Designing for Behavior: New Tools for Effective Health & Wellness Strategy

Effective wellness programs can have far-reaching impacts—and not just to the employer’s bottom line. With benefits ranging from improving employee health, satisfaction and productivity to reducing health care costs and freeing up funds to drive organizational goals, wellness programs are an important part of a strategic benefits package.

As with any investment, however, it’s crucial to know how to get the most out of your wellness initiatives—both for you and your employees. Today, Benefitfocus and guests got the inside scoop from Eric Zimmerman, Chief Marketing Officer at RedBrick Health. In his One Place 2015 session, Creating Health Engagement & Behavior Change: The New Paradigm in Health & Wellness, Zimmerman revealed how behavior design can significantly improve engagement levels and influence new habits in an effective health and wellness program. But don’t worry if you missed the session! We’re not keeping the insight to ourselves! We’ll walk you through the highlights here.

Wellness, behavior design and engagement

“Designing for effective behavior change doesn’t have to be hard. By applying some clear thinking—and not falling into the common traps of blaming lack of motivation, or trying to educate people into changing—you can increase engagement, create a better employee experience, and more effectively reach your population health improvement goals.” – Eric Zimmerman, Chief Marketing Officer RedBrick Health

You’ve invested in positive change. Don’t settle for the status quo. It may seem obvious, but a great first step toward ensuring the effectiveness of your wellness program is to focus on what make people tick. When evaluating your wellness approach, try starting with people’s existing motivations, offering relevant choices and creating feedback mechanisms. Chronic illnesses may be driving the cost, but it’s the behaviors that are driving the chronic illnesses. Designing around the needs and intrinsic motivations of consumers—rather than leading with the risks and illnesses—can help you engage a much higher percentage of the chronic condition population that accounts for the largest portion of health care spending.

There are five core conditions that sap employees’ health and employers’ budgets. These include Diabetes, CAD, COPD, Asthma and CHF. Addressing the underlying lifestyle issues (nutrition, weight, fitness, stress, tobacco use, etc.) and overall wellbeing rather than focusing your program marketing on the conditions themselves can result in better engagement and measurable improvements to the success of your wellness program. But an effective design is just a hollow framework if your employees don’t come along. To achieve better results, you need to win your employees’ attention. Compelling and fresh program content drives sustained engagement!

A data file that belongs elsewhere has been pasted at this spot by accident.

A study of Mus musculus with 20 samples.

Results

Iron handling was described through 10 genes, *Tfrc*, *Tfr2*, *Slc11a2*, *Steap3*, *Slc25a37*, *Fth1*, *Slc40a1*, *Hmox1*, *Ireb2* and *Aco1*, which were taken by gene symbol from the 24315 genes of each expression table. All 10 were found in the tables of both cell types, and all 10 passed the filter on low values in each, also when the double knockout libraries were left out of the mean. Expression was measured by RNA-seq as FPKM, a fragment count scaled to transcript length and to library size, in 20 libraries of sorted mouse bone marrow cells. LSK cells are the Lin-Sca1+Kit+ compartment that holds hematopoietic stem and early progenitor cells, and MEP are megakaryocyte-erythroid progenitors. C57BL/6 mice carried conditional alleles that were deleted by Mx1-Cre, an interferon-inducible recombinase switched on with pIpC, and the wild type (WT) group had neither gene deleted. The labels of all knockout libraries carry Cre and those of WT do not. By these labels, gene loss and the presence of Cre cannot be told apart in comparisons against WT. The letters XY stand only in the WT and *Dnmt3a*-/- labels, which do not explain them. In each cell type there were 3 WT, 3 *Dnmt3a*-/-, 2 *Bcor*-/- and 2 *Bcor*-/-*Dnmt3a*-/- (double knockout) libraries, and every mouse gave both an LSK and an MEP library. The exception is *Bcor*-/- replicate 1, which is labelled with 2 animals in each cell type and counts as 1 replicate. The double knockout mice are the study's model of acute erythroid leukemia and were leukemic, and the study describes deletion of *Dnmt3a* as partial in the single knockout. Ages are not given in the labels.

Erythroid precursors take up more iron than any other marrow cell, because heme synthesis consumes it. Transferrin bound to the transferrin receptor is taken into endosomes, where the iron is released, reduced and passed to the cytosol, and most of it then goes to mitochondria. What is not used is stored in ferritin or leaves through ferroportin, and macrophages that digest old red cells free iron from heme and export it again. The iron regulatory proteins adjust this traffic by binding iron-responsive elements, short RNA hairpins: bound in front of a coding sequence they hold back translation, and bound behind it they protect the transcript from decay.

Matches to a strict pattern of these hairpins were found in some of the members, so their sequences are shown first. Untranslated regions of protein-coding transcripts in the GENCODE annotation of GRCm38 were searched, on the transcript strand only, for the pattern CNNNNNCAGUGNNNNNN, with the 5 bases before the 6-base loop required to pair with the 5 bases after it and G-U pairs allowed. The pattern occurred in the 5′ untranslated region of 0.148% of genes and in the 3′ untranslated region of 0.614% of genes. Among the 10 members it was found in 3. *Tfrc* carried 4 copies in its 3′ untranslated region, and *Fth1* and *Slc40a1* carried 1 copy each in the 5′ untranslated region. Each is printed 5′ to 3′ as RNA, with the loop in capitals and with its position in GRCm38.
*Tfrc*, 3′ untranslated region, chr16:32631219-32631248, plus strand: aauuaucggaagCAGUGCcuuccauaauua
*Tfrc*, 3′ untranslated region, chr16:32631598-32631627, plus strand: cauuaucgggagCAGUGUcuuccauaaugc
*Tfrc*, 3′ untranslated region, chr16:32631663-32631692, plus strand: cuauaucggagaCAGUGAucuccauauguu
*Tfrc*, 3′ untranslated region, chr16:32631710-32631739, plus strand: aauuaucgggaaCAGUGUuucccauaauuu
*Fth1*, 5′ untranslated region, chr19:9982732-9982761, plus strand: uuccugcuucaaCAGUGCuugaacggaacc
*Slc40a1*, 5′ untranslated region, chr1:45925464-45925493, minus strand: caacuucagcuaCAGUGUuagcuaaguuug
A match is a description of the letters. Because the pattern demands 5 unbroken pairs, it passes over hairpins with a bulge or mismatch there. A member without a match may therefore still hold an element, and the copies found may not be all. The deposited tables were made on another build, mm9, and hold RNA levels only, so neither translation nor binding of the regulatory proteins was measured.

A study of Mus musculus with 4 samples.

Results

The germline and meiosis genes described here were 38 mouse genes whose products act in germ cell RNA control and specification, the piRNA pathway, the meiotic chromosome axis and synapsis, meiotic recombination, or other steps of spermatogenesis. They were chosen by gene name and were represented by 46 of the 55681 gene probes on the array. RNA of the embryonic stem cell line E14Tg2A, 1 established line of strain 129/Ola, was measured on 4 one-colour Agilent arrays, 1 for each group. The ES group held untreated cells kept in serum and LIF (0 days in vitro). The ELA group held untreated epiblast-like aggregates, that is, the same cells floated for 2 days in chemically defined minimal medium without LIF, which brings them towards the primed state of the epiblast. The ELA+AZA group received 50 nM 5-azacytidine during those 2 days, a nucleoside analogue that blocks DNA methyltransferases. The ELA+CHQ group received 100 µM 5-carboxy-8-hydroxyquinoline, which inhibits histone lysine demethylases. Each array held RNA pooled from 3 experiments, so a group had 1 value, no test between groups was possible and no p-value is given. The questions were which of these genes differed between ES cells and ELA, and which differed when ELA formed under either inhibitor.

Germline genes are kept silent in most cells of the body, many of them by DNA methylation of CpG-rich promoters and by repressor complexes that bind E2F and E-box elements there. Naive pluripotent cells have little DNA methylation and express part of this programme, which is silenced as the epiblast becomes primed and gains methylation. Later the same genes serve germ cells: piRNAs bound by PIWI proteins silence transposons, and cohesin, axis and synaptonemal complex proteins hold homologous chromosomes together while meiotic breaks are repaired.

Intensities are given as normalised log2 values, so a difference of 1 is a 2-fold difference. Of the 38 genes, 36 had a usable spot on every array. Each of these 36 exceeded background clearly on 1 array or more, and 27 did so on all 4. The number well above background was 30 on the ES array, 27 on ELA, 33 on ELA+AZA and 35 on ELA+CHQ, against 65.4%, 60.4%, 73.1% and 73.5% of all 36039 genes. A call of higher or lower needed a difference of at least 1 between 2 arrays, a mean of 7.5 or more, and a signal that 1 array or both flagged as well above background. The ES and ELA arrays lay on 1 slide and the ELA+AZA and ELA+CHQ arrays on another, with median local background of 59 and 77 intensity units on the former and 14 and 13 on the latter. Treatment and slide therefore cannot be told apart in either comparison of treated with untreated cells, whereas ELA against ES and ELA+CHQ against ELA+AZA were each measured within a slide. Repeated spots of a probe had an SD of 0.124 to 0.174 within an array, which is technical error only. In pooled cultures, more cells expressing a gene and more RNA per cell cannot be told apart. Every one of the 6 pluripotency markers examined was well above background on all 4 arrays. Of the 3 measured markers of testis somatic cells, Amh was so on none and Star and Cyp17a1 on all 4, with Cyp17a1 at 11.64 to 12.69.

Reaping the benefits of a strategic wellness program design

According to data from RedBrick Health, positive change in biometric outcomes (e.g., weight, cholesterol and blood pressure) and behavior change outcomes (e.g., healthier eating, higher activity levels and better stress management) are more likely to result from wellness programs that incorporate effective health engagement and behavior design principles.

During his session, Zimmerman shared five essential factors of effective behavior design:

Tap existing motivations

If your employees seem unmotivated to participate in your program, then you may not be addressing what’s important to them. Incentives (extrinsic motivators) help capture attention... but to really help new habits form, find ways to link desired behaviors to intrinsic motivations—what really moves us. 

Offer relevant choices

When people choose what they’d like to engage in, and how they’d like to engage, good things happen. RedBrick Health calls it “putting the person back into the personalization.” Become a choice architect:

  • Recognize the power of the default
  • Structure complexity, limit options
  • Map to the “known”
  • Give frequent feedback
  • Beware of unintended consequences!

Focus on small steps

Big goals can overwhelm. Think about the last time you successfully learned something new—you probably broke the desired goal down into small pieces. Behavior is like that. Start small and let success build its own momentum.

Use behavior cues

Everyone needs a little nudge—especially when changing a behavior. Building in personalized reminders go a long way to helping new habits form. Allowing each person to choose how and when they receive notifications is the best way to ensure success.

Reinforce progress

When forming new habits, feedback is key—early and often. Rewards can be powerful tools to drive the bigger wellness goal, especially when you make them timely and relevant. But even small pats on the back and simple reminders of the person’s intrinsic motivation to change can be equally powerful.

While these guidelines are useful, don’t forget who knows your organization best… You! Keep communication channels open with your employees and study your program performance data to ensure your strategies continue to be effective. Now that you know a few of the secrets, get to work and make the change you want to see!

RedBrick Health powers engaging and effective employee health and wellness solutions combining the latest behavioral science, cutting edge technology and data analytics tools. The RedBrick Health Platform interfaces with BENEFITFOCUS® Marketplace to reinvigorate and improve the performance of employers’ health and wellness initiatives.

Learn how you can boost employee engagement and maximize the return on your investment in health by incorporating powerful health and wellness solutions into your benefits program.